Currently employed as a senior administrator in the Department of Public Works, William Banting had been a civil servant for 22 years. As a line manager, Bill was used to managing people and getting things done.

        Bill was 47 and married to Irene, who had recently gone back to work full time as an executive secretary. Their, two daughters, both in their 20’s, were now married. He owned his own house with clear title and held his savings in the form of government bonds and investment certificates. His banker estimated his net worth at $270.000, some of which reflected an inheritance he had received five years ago. Bill currently earned about $4000 a month.


        On their holidays last summer, the Bantings had visited relatives in Kelowna, British Columbia.Bill’s brother in law, Ed, owned and operated the Pizza Hut franchise in Kelowna. The two men had spent a lot of time talking about the business, and Bill had spent many hours watching the activity at the restaurant. He had been impressed with the systemized approach, the well trained staff, and the family atmosphere that prevailed in the restaurant.

        Ed told him that after 3 years in business, his profits were steady and he was earning a good living. While there were pros and cons to franchising. Ed felt that Pepsico Food Service International, the Pizza Hut franchisor, had a good reputation and was not hard to deal with. He suggested that Bill investigate the possibility of acquiring a franchise foe Winnipeg.

        Bill had done just that. Correspondence had been exchanged with Pepsico, and Bill was invited to submit a formal application. In the meantime he had some homework to do.


Bill was investigating the Pembina Strip in the south part of Winnipeg as a possible site for a Pizza Hut restaurant. It was centrally located in a major residential area and had very heavy traffic flows. It was also adjacent to the University of Manitoba. Bill had lived in the area for a long time and was well known through his community activities.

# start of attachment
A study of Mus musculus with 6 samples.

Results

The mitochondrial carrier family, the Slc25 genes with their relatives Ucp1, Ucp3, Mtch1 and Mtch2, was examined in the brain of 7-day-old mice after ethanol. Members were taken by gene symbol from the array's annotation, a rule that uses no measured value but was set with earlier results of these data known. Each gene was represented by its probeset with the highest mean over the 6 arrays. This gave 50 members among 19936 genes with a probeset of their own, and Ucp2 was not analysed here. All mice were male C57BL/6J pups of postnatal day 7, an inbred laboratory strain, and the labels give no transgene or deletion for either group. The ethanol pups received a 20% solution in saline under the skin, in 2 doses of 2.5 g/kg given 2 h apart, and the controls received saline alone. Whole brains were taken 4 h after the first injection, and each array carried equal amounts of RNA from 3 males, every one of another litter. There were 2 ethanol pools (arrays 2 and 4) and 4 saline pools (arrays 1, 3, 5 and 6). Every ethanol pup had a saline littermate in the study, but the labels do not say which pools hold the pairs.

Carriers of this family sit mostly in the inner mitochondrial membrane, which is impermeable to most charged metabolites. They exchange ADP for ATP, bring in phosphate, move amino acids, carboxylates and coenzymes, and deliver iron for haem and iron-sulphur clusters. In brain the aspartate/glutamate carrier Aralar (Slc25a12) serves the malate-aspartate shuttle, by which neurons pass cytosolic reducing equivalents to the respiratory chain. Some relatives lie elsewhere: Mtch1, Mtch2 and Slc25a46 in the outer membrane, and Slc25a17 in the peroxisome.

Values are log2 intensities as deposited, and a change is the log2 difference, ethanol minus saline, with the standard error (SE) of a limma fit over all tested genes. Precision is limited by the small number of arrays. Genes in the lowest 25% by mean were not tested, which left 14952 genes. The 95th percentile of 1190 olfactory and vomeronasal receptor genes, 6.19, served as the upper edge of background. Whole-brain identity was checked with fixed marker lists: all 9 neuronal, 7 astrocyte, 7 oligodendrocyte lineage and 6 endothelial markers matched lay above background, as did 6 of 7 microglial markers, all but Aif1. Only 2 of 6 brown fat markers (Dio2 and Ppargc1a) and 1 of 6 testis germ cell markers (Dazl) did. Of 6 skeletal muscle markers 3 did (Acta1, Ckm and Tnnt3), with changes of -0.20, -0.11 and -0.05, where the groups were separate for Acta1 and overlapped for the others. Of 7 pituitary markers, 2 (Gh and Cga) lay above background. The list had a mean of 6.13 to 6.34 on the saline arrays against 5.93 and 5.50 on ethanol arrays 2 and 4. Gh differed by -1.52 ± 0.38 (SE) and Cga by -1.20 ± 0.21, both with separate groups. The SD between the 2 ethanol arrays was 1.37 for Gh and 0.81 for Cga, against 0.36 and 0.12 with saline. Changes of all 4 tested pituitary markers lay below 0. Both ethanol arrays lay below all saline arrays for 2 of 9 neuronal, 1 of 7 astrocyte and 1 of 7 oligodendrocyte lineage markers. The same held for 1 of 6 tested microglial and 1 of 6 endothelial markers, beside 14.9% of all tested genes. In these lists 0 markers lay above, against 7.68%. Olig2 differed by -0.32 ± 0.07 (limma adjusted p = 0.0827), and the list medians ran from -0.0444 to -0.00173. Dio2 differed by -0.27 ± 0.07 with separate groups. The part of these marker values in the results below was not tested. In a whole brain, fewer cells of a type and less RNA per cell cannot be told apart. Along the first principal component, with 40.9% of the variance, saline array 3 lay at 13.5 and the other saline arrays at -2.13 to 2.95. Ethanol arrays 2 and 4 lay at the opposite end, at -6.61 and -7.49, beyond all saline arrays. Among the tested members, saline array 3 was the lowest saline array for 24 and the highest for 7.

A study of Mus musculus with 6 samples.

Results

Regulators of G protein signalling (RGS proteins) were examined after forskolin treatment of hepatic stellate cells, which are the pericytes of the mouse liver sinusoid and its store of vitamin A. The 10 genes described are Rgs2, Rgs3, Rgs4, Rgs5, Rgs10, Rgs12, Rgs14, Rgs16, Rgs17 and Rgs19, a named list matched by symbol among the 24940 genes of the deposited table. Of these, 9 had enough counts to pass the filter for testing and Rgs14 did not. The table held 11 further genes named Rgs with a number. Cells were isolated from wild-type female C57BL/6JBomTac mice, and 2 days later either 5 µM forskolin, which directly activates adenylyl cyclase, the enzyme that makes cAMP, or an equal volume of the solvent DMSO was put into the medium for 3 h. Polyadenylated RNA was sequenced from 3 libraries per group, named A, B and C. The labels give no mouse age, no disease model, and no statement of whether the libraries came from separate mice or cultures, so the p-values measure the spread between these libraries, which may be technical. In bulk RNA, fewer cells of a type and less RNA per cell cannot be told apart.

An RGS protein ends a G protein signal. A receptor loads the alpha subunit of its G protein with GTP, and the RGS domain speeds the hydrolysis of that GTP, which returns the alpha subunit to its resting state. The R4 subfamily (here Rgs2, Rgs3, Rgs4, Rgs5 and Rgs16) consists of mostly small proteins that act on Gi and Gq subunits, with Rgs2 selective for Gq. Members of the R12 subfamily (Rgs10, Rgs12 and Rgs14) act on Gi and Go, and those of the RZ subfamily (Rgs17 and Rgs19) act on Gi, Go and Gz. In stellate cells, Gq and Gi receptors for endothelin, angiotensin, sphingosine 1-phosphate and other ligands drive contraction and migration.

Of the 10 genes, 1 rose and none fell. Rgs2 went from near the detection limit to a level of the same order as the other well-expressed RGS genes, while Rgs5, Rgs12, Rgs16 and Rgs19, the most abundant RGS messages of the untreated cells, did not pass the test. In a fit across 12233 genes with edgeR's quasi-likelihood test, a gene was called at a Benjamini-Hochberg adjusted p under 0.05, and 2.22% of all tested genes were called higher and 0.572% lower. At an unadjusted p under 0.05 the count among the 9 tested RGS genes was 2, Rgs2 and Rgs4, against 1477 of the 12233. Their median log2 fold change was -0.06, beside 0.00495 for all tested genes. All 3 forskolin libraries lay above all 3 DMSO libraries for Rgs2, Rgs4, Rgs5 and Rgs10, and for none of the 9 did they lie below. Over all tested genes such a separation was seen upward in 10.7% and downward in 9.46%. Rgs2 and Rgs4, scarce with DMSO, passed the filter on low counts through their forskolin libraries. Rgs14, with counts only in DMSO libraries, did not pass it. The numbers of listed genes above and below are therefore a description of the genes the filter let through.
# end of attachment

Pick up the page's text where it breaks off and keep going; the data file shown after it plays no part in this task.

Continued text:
Bill judged this area to be a good location for a Pizza Hut, he collected some data from Statistics Canada, he also visited the president of the local restaurant owners association, where he learned that the average amount spent by Canadians at restaurants with table service was over $450 per capita each year. Pizza and Italian restaurants had a 17% share of this expenditure and overall restaurant sales were growing ar a real rate of 5% annually.

There were ten pizza restaurants on the Pembina Strip. 5 represented larger chain or franchise outlets, while the others were smaller independent operations catering mainly to take out and the delivery market. The larger competitors did extensive media advertising and were well established. The restaurant association president said that is was likely that the larger business’s grossed two or three times the sales volume of the small operations. In addition, Bill reasoned that the location, close to the university would add at least10.000 people to the local population base.